FRISCO - Summer school has been in session for the FC Dallas Academy players through the last couple months and the classroom has been the first team training pitch.
It’s been a common occurrence at first team practice through June, July and August to see U-16 and U-18 Academy players as well as graduates currently playing college soccer measuring themselves against the guys who play on Saturday nights.
“I think it’s important with the philosophy and methodology of the club,” said head coach Oscar Pareja. “This is our model and bringing academy players into regular training with the first team means a lot for everyone in the program and it’s a way for us to reinforce the concepts, fundamentals and be around the first team players and learn from the experience of training there. That’s what we want.”
While earlier in the summer it was more common to see FCD’s academy alumni currently playing NCAA soccer like Marco Ortiz, Mark Ashby and Aaron Guillen, through the last six weeks up to a half-dozen players moving up to the U-18s from the U-16 National Championship squad have littered training sessions. The opportunity to test themselves and see the level needed to find Homegrown success is incredibly important in the development of these young prospects.
“It’s vital for them to find habits and know what it takes at the highest level in terms of training environments and making this a lifestyle not just a hobby,” said U-16 head coach Luchi Gonzalez. “They’re training side-by-side with guys who make their living doing this and while the concepts are similar, the pressure and day-to-day battling and grind teaches them a lot.”
For players coming from a team that won the National Championship with a combined 20-0 score in six playoff games, it can also serve as a humbling experience to keep their feet on the ground.
“Seeing those players that you see every weekend playing, it’s a great opportunity to see where you stand and get exposure with first team and coaches,” said U-18 center back Brandon Terwege who started nearly every match with the U-16s last season. “You start off and think you’re on cloud nine and it really takes you back down when you play with the pros and you see their level compared to yours.”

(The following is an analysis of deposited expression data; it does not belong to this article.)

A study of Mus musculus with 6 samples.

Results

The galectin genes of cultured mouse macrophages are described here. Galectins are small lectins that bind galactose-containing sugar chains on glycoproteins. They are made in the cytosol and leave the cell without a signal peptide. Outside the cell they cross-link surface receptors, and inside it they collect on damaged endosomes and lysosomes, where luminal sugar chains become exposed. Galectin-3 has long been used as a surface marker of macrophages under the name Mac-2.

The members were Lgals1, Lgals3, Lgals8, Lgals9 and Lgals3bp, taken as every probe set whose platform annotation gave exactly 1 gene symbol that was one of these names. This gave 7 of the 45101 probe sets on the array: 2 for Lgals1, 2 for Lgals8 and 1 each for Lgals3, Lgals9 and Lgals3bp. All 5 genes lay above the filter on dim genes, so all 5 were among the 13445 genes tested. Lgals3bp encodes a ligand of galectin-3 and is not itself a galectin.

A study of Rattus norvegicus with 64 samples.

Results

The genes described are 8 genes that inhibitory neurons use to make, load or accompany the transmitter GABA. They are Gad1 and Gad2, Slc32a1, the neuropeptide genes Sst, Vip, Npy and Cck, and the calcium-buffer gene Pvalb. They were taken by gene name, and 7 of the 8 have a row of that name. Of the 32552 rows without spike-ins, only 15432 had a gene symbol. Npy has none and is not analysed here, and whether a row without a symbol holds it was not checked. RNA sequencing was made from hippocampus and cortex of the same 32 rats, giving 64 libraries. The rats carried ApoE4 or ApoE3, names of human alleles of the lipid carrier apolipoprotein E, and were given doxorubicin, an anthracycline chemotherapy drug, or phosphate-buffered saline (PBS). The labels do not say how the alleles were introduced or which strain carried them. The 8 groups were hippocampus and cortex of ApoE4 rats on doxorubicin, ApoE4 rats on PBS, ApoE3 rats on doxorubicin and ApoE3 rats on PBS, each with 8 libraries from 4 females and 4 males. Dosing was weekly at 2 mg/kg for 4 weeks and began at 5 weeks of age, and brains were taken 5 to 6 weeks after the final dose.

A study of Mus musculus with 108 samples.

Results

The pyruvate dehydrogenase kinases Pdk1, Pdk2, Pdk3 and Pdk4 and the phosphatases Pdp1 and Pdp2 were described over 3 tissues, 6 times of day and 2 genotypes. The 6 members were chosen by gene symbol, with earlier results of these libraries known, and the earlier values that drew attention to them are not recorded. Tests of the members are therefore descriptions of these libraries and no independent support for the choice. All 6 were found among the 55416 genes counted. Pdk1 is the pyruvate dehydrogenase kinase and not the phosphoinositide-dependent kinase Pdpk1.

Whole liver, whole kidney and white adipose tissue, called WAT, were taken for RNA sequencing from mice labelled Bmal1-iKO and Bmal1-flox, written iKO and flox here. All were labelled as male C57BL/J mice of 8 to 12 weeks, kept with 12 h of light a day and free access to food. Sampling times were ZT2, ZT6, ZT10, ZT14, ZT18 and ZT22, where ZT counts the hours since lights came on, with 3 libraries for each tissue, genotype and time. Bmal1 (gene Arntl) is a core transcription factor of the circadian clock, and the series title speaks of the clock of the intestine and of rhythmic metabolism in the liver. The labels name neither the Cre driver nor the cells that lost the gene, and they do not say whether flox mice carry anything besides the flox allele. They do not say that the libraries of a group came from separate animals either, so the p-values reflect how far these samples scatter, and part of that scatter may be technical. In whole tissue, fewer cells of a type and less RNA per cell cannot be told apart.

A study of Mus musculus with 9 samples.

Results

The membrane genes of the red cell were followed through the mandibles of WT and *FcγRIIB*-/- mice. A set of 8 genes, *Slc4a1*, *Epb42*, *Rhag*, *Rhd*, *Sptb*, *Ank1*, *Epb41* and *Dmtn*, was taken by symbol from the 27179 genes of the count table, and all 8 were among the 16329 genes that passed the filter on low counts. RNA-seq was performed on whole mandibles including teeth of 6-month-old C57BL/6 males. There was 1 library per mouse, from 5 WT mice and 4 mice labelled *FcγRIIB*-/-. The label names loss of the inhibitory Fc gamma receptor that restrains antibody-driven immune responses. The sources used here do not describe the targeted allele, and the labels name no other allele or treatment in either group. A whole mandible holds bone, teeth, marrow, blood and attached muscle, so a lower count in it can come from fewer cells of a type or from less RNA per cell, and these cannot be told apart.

“It was a very good experience,” said outside back Eddie Munjoma, an SMU commit. “The main thing that you have to adapt to is the pace of the game and how physical it is, but it’s good to learn because you adapt to the pace there and then come back to your team and have a little bit more fitness.”
According to Gonzalez, the experience can serve as one that not only helps them to see the level they need to get to, but continue the evolution of becoming a leader on their own academy team.
“You have to mix and match, give a taste of it and then have him return and be a leader with his own academy team,” said Gonzalez. “Stay humble, be the hardest working, be the earliest to get there and the latest to leave.”
Of course, Pareja is quick to note that Academy players are rarely involved in the training exercises used in preparation for the next game, but any exposure can only help, especially for a group of young players as talented as the ones FCD currently has.
“It’s a special element to give them and put them in their place and make sure they know where they are. Always reinforcing the respect and distance they need to have from the first team and the privilege they have to train with them and not to take it for granted or think it is easy,” said Pareja, when asked to compare it with a baseball batter swinging a heavier bat while in the on deck circle. “All those things combine and we can make the bat a little heavy on them and when they come back to the Academy they can value everything and hit some home runs down there, exactly.”
This integration between the first team and academy is, according to technical director Fernando Clavijo, something that is rarely found around the globe.
“What we’re doing today, I’ve been around the world for a long time and you don’t see that many places in United States or anywhere in the world with the integration we have between the academy and first team,” said Clavijo. “It is something unique here and I’m personally very proud of it.”